Monday, April 15, 2013

What Christian Worship Can Learn From Atheists

While recent signs indicate that the tenor of conversation between Christians and atheists may be improving (evolving, even?) in public discourse, there is some irony in the fact that there is such considerable room to improve. Irony because, in the first centuries of the Church, Christians were regularly accused of - and killed for - being atheists, having adopted, said the ancient Greek historian Dio Cassius, "the practices of the Jews." Or as Phil Harkland put it in the article cited above: "the denial of other gods was perhaps the most important source of conflict and the strangest thing about devotees of the Judean God and of Christ."

While it is not uncommon for Christians to consider the distinctiveness of Christian claims relative to Judaism, it is instructive that the early Greeks saw Christians as adopting the practices of the Jews. This outside Greek perspective helpfully recalls the continuity of Israel's vocation - Israel's "set apart-ness" - and God's mission to those beyond Israel.  Dio Cassius is observing exactly the scandal by which the blessing of Israel's Kingdom is, in Christ, opened to Gentiles and that mixed kettle of fish called the Church. For Christians, Jesus is both "a Light to enlighten the nations, and the glory of your people Israel."

To begin with Israel is to begin with one God: Shema Yisrael Adonai Eloheinu Adonai echad; Hear, O Israel: the LORD is our God, the LORD is one (Deut. 6:4). 

Now, belief in one god is, in some sense, a question of movement from one's point of reference. That is, the one god of Israel's Shema could represent an increase, as in, "I did not believe in God before, but now I do." What the early opposition to the Church clearly saw, however, is that confession of "one true god" can just as easily - and far more probably - represent a decrease, as in, "I will not bow down to other gods."(1)  

Examples of the confession of one God as a decrease from the alternative in Scripture are many and too numerous to list. Consider a few representative instances: Israel and the golden calf (and God's response), Israel's request for a king (and God's reluctance), the refusal of the three men to serve the king's gods (and their subsequent deliverance from the fiery furnace), Jesus' crucifixion (and the people's haunting words, "We have no king but the emperor"), and the missionary encounters of the apostles recorded in Acts.

Similarly, the history of the Church's life and witness has consistently understood and engaged formation centered on one God as opposed to many. In his commentary on the Ten Commandments, Martin Luther writes:
Ask and examine your heart diligently, and you will find whether it cleaves to God alone or not. If you have a heart that can expect of Him nothing but what is good, especially in want and distress, and that, moreover, renounces and forsakes everything that is not God, then you will have the only true God. If, in the contrary, it cleaves to anything else, of which it expects more good and help than of God, and does not take refuge in Him, but it adversity flees from Him, then you have an idol, another god.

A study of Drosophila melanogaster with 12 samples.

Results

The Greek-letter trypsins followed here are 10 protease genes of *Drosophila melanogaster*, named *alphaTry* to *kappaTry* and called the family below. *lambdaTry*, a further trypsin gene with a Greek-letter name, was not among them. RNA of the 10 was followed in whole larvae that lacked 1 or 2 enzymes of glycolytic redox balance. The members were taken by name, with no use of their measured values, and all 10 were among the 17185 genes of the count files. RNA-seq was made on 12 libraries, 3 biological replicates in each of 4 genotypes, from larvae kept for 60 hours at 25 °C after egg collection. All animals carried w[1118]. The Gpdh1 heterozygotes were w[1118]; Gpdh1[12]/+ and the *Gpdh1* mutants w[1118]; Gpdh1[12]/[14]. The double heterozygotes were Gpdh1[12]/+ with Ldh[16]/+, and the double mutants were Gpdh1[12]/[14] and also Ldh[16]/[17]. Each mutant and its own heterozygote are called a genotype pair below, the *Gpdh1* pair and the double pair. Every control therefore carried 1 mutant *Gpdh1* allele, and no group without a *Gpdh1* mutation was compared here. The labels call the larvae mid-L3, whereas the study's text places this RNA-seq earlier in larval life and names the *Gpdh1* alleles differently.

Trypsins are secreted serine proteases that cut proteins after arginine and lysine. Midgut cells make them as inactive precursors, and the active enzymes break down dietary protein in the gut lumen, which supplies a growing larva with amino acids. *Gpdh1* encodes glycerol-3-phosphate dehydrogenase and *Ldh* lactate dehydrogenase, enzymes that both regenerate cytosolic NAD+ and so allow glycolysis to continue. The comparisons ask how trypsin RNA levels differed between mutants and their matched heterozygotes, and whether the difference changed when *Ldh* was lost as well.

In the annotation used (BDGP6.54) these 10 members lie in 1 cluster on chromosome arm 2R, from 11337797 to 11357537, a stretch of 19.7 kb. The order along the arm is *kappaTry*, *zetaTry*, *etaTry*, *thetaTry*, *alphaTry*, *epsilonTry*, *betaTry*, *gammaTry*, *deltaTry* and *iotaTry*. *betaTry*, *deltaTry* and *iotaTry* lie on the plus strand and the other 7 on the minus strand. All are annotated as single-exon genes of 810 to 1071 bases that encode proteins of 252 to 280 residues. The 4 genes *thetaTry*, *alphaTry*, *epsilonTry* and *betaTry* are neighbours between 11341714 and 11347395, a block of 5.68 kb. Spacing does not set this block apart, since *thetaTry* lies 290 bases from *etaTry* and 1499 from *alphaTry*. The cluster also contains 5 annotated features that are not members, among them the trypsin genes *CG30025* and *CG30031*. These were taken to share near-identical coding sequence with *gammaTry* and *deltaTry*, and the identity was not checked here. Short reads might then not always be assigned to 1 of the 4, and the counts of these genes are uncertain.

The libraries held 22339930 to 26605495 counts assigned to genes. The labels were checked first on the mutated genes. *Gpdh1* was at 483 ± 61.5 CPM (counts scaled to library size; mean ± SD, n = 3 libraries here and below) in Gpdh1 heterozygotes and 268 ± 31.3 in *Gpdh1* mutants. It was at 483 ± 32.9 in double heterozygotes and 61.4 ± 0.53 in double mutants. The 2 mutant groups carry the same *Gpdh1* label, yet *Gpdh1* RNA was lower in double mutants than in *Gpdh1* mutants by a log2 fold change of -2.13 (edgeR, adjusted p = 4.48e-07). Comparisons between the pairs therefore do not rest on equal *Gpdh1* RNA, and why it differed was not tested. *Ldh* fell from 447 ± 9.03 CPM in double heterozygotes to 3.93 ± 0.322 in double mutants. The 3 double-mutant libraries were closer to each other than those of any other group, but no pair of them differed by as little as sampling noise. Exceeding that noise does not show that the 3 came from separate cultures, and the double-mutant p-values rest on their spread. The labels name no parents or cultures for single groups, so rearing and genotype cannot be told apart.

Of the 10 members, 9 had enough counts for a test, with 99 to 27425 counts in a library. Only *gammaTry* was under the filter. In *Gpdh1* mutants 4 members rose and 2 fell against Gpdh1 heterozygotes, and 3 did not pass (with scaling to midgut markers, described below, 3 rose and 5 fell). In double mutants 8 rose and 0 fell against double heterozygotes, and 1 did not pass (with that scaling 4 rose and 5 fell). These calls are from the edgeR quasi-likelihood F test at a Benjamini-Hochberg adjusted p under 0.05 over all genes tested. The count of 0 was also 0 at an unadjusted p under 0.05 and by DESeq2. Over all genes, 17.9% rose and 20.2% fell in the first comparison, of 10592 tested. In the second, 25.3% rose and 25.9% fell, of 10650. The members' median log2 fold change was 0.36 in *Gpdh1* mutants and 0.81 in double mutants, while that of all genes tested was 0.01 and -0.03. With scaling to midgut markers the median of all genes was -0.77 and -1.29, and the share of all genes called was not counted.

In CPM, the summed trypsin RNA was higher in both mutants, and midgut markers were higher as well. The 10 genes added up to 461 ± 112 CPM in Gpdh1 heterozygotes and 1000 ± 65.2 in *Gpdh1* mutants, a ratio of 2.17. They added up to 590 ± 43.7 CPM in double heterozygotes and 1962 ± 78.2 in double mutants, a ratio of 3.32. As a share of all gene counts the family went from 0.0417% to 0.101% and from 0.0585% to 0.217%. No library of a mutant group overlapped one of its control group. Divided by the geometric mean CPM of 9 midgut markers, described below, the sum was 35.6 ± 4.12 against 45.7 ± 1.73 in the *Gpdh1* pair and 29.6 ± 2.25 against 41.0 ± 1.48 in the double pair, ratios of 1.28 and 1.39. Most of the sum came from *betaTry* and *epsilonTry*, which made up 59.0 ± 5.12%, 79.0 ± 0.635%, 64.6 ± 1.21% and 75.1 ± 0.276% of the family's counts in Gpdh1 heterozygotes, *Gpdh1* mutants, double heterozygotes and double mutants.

Thus, Christian formation consists, in part, of not believing; of saying "no" to the pantheon of the gods, where "gods" are understood to be anything from which we expect more good and help than God.

Of course, Christians are not atheists. Emphatically, believing in the one God who delivered Israel from bondage in Egypt and raised Jesus from the dead changes everything. Indeed, to the extent Christians fail to worship the one true God - by expecting more good and help than of God from the countless myriads gods of our day - we live what Stanley Hauerwas calls lives of "practical atheism." 

But if confession of the Christian God requires of those who confess this God the refusal to worship another, perhaps we can acknowledge that atheists and Christians have a shared agenda: the naming and dissuasion of the worship of gods we don't believe exist. For this reason, it is curious that Christians have not valued inter-faith conversations with atheists on the same level as conversations with peoples of other faiths. Christians believe that it is enough to believe, and forget that not worshiping gods is as distinctive of our tradition as is worshiping the Triune God revealed in Jesus.(2) The challenge to an inter-faith conversation with atheists, I suppose, is that Christians and atheists can't agree on the gods we don't believe exist. 

Disagreements notwithstanding, I have hope that generous atheists can teach the Church a thing or two about not believing. I hope, too, that a generous Church can raise questions for atheists - about the gods, with God's help, we are learning not to worship.



(1Significantly, throughout the Church's history, one of the chief expressions of the Christian's refusal to worship other gods has been the Christian's unwillingness to legitimate the empire's claims of divine status. Thus, the Church understands "Jesus is Lord" to be a theological and political statement.

 (2) Cf. HauerwasAmericans do not have to believe in God, because they believe that it is a good thing simply to believe: all they need is a general belief in belief. That is why we have never been able to produce interesting atheists in the US. The god most Americans say they believe in is not interesting enough to deny, because it is only the god that has given them a country that ensures that they have the right to choose to believe in the god of their choosing, Accordingly, the only kind of atheism that counts in the US is that which calls into question the proposition that everyone has a right to life, liberty, and happiness.